Death comes biting, gnawing, raking. Death comes sweeping, flying, forsaking. And then Death comes slinking, stealing and sneaking. Around the back door, silently in the sultry grey of a spring evening, not a flower or fly disturbed, hardly even the figure now before him aware of his lurking presence. But he is there. Sitting quietly, in a corner away from the fire’s light, watching William slowly roll a cigarette, slowly decant a slip of whiskey, slowly walk to the door to take in the evening air. And what an evening to die, what a place for a last breath.
William reached into his pocket for a lighter, sitting back in the worn chair by the front door. The thin evening light wrote shadows on the white wall behind him. A tempered breeze coming off the river rustled the lilac on its way to the fields, sending up the sweet scent of his childhood, and adulthood, and now old age. All alone at the family cottage.
Death watched him, as he took the first drag and settled into the chair. Watched him as he looked out over the lawn and down the small path to the river. He stood behind him. He could see the river through William’s eyes, could feel that it was more than water and rocks and fish. Death had a moment in the last minutes of a man, to see the world like he never could. To feel the pain sitting in the reeds where William’s little cousin had drowned all those years ago, to feel the torment in William’s mind as he looked out over the trees, just catching a glimpse of a rooftop in the distance, the dark slates of love lost, of what might have been.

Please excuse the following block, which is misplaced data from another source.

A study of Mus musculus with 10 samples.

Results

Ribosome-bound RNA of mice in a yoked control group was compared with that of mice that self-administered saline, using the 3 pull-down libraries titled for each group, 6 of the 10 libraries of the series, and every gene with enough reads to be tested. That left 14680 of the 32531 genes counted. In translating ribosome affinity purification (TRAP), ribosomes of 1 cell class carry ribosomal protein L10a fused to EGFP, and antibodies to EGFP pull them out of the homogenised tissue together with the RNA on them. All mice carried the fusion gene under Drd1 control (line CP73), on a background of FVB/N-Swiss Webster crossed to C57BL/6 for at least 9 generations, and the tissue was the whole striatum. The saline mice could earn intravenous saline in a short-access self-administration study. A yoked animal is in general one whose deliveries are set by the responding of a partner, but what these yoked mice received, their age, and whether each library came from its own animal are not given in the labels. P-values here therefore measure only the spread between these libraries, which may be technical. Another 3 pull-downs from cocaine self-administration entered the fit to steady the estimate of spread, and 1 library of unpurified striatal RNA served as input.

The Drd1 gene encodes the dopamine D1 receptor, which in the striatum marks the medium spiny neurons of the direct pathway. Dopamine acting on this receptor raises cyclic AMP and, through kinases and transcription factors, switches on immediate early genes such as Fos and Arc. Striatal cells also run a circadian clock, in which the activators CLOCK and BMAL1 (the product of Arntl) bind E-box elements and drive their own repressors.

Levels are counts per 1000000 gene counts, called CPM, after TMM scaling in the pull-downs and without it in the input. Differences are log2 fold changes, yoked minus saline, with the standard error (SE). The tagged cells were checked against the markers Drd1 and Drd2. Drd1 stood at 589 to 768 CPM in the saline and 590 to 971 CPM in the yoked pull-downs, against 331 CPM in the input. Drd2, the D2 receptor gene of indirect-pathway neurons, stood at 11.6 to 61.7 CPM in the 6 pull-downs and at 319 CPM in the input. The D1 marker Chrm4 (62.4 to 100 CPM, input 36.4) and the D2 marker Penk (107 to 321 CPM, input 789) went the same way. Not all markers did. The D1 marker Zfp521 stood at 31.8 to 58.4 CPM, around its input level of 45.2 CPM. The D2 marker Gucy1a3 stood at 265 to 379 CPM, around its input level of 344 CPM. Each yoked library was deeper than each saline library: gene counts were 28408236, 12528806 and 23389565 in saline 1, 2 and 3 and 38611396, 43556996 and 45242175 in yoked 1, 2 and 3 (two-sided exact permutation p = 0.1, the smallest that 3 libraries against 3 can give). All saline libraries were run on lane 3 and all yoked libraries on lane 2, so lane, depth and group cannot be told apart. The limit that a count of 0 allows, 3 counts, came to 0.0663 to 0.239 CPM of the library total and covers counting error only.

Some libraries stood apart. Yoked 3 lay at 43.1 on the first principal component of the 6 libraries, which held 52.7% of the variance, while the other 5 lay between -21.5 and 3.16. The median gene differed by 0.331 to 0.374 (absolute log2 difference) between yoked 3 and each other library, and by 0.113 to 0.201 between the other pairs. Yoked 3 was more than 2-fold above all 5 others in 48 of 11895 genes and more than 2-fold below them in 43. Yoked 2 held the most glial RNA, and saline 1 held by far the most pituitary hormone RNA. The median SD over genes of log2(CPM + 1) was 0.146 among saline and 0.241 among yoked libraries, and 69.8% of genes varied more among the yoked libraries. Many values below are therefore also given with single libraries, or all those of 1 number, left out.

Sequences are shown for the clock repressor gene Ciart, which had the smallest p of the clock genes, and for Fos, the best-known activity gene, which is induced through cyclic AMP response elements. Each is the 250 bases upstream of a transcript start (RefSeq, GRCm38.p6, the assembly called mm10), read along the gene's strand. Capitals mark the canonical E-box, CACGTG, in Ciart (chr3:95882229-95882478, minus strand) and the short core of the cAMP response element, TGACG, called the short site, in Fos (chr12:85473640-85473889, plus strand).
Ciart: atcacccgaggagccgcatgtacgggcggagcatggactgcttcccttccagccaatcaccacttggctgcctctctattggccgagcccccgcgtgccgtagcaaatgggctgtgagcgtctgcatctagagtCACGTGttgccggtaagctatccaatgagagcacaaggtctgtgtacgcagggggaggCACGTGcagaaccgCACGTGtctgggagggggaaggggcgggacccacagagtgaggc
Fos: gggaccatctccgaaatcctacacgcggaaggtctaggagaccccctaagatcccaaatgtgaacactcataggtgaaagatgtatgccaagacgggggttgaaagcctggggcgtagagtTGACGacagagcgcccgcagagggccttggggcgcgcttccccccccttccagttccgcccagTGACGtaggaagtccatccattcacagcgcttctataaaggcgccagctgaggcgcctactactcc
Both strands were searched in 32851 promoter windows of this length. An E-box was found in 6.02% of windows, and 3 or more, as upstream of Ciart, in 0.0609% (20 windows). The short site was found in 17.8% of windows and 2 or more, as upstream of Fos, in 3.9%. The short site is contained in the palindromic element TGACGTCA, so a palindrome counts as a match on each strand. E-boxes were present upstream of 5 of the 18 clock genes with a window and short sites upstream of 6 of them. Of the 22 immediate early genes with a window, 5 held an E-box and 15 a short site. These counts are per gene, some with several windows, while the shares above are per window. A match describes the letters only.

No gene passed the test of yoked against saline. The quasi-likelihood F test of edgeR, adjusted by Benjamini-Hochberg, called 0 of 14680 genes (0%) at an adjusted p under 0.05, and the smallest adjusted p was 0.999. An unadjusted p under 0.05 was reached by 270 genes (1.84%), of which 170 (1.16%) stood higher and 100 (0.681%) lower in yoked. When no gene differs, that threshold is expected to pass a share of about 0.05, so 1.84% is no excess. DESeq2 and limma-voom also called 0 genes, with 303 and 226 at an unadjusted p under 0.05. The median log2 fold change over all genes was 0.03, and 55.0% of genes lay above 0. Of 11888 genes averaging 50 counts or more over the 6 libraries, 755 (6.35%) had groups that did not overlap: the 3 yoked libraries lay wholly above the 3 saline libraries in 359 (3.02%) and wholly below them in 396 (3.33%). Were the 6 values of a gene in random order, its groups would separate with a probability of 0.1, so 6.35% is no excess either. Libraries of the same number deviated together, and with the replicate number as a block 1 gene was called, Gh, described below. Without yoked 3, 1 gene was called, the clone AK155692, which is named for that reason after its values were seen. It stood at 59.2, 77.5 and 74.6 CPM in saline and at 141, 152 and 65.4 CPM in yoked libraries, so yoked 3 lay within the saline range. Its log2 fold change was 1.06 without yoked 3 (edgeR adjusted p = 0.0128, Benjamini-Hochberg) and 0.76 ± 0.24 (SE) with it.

And Death could taste now the sweet whiskey as it took its slow and languid path down William’s throat. He could feel the heat of the dram and the warm embrace it gave to every cell. Death pulled away. He never wanted to know how it felt to die. What a heart attack or a brain haemorrhage truly was to the human body. He preferred to watch on as the body convulsed and slumped. The cigarette slipped from between fingers. He preferred to look again at the reeds and wonder, how it was that sticks in the mud could hold so much.
About the author
Claire Loader was born in New Zealand and spent several years in China before moving to County Galway, Ireland, where she now lives with her family. With a passion for writing and photography, she blogs at www.allthefallingstones.com and is currently writing a memoir. Her work has appeared in Dodging the Rain.